As we face new difficulties with determining what information is reliable online, it’s important to recognize when research says something … well, different … than what the reporting might say.
To help show the difference, I’m going to show you two examples where the studies say something different than what the reporting implies (and what those differences are).
The examples are pretty non-controversial and minor on purpose.
Example One: Do You Like Strawberries?
You always — always — have to find out who was actually sampled with any research, and make sure all the important variations are covered. This is something pretty obvious when you think about it: if you ask people at a Strawberry Festival if they like strawberries, you’d probably be pretty surprised if most people didn’t really like strawberries.
There’s nothing inherently wrong with this — almost all surveys and studies have some kind of limitation. But it does mean that — to continue our example — that if you try to take your survey results from the Strawberry Festival and claim that all Americans like strawberries based on your survey, you’re almost certainly going to be wrong.
With that in mind, let’s take a look at this breathless headline: "Survey: Employer-sponsored Health Insurance Is the Most Desired Form of Coverage for Americans."
The custom excerpt continues the same tone:
Nearly 90% of Americans prefer to receive their health coverage through an employer versus other means, according to a new survey. Quality, affordability and convenience are the key reasons for why Americans favor employer-sponsored insurance.
Seems pretty straightforward, doesn’t it? Even in the main article says, "81% of respondents would rather get coverage from an employer than through a government-provided health plan, a response consistent among Republicans, Independents and Democrats."
Seems like that’s a slam-dunk recommendation against single-payer. There’s just one small clause in one sentence that blows that conclusion out of the water (emphasis mine):
It was conducted from November 14 to November 19 and surveyed 2,334 people with employer-sponsored health insurance.
They surveyed nobody who has bought their insurance on the Marketplace. Nobody on Medicaid or Medicare. It’s rather safe to say that pretty much anyone they surveyed was likely to have only ever had employer-based insurance in their entire life.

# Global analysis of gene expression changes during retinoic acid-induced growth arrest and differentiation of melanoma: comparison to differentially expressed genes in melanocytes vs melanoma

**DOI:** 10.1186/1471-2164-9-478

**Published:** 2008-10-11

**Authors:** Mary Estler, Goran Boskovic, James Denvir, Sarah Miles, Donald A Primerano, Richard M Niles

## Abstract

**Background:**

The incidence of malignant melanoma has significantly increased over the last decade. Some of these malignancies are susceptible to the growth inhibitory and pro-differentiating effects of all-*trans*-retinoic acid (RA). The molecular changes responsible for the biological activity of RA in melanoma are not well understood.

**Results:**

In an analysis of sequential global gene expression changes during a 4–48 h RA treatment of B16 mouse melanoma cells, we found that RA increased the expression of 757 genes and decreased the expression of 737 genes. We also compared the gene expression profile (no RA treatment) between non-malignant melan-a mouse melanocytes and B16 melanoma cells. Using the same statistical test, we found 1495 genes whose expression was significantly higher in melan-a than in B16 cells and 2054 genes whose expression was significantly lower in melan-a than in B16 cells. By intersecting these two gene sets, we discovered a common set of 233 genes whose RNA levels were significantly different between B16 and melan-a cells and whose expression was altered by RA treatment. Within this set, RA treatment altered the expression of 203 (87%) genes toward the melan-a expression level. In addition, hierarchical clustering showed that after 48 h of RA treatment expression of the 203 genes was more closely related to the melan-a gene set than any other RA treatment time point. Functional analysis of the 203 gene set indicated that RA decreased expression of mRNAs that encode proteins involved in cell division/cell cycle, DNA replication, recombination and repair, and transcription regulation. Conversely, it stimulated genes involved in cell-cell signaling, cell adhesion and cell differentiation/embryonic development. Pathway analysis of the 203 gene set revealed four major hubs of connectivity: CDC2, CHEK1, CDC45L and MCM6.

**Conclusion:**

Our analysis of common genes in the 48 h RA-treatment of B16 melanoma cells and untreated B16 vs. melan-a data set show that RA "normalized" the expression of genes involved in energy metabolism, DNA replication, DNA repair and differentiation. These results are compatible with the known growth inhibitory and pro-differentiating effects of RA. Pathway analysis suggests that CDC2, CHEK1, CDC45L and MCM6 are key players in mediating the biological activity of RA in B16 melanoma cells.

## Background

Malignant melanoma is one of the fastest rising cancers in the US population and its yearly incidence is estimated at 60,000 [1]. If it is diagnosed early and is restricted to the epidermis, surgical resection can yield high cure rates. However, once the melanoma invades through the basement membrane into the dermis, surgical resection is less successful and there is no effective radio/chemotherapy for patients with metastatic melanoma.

And considering that Medicaid enrollment is expected to hit 100 million next month — 1 in 3 Americans — they definitely did the equivalent of surveying the Strawberry Festival.
That realization completely changes how this whole story feels. Imagine the headline "Nearly One In Five People At Strawberry Festival Dislike Strawberries." Feels very different, right?
At best, this headline should claim that a percentage of people who already have employer health insurance would like to keep that insurance. Because of sample bias, the question that was asked leads to an answer that only applies to a very specific group of people.
And that’s when the question mostly lines up with what they’re trying to answer.
Which is a great segue into a "study" that’s even more nothingsauce than this one.
Example Two: The Treadmill Clothesrack
It’s not just who you ask, but also what you ask. The article headline for this one is "Women With Preeclampsia Can Benefit From Targeted App-Based Intervention," and it claims that:
New research showed that the apps used to treat women with severe preeclampsia are well-received if they target specific factors like fat and sugar intake.
Except that’s not what it showed at all.
Let’s skip past the fact that the "researchers" only surveyed 35 patients, a sample size that I would have encouraged students in an undergraduate class to at least double.
What these researchers actually asked were tied to three things:
- What factors existed "that made it hard for [respondents] to maintain a healthy lifestyle"
- Whether more respondents said they would be "interested in an app-based intervention" than those who reported "personal struggles with health behaviors"
- That out of a list of interventions, which one respondents said they would prefer.
These are important questions to ask at a certain stage of exploratory research, sure. But they are not the same thing as the claim in the headline or article. We know nothing about whether or not such an app would actually work to change behaviors, or be more (or less) effective than anything else. The method to determine the "need" for such an app — whether more respondents said they would be interested in an app than said they struggled with health behaviors — is particularly weak.
After all, how many of us are getting ready to say "I’m interested in doing something to change for the better" next week with the New Year? How many people are interested in treadmills, ellipticals, and stationary bikes … but those things just end up becoming very expensive clothesracks? We would laugh at a "study" saying that more people were interested in ellipticals than treadmills this year with a headline of "People Who Need Exercise Can Benefit From Ellipticals That Measure Time On The Machine" and then claimed "New research showed that the equipment used to improve cardiovascular health are well-received if they are ellipticals that track calories lost and time spent on the machine."
Why This Matters
While both of these examples seem like they are mostly overreaching to try to prove whatever point they have, there are also plenty of people who are intentionally misrepresenting studies to try to shape policies around transgender and identity issues.
Being able to look at just the most basic parts of a study or survey — Who were the participants in the study, what specific questions were asked, and if those questions could result in the claimed answers — will do you a world of good in separating the wheat from the chaff.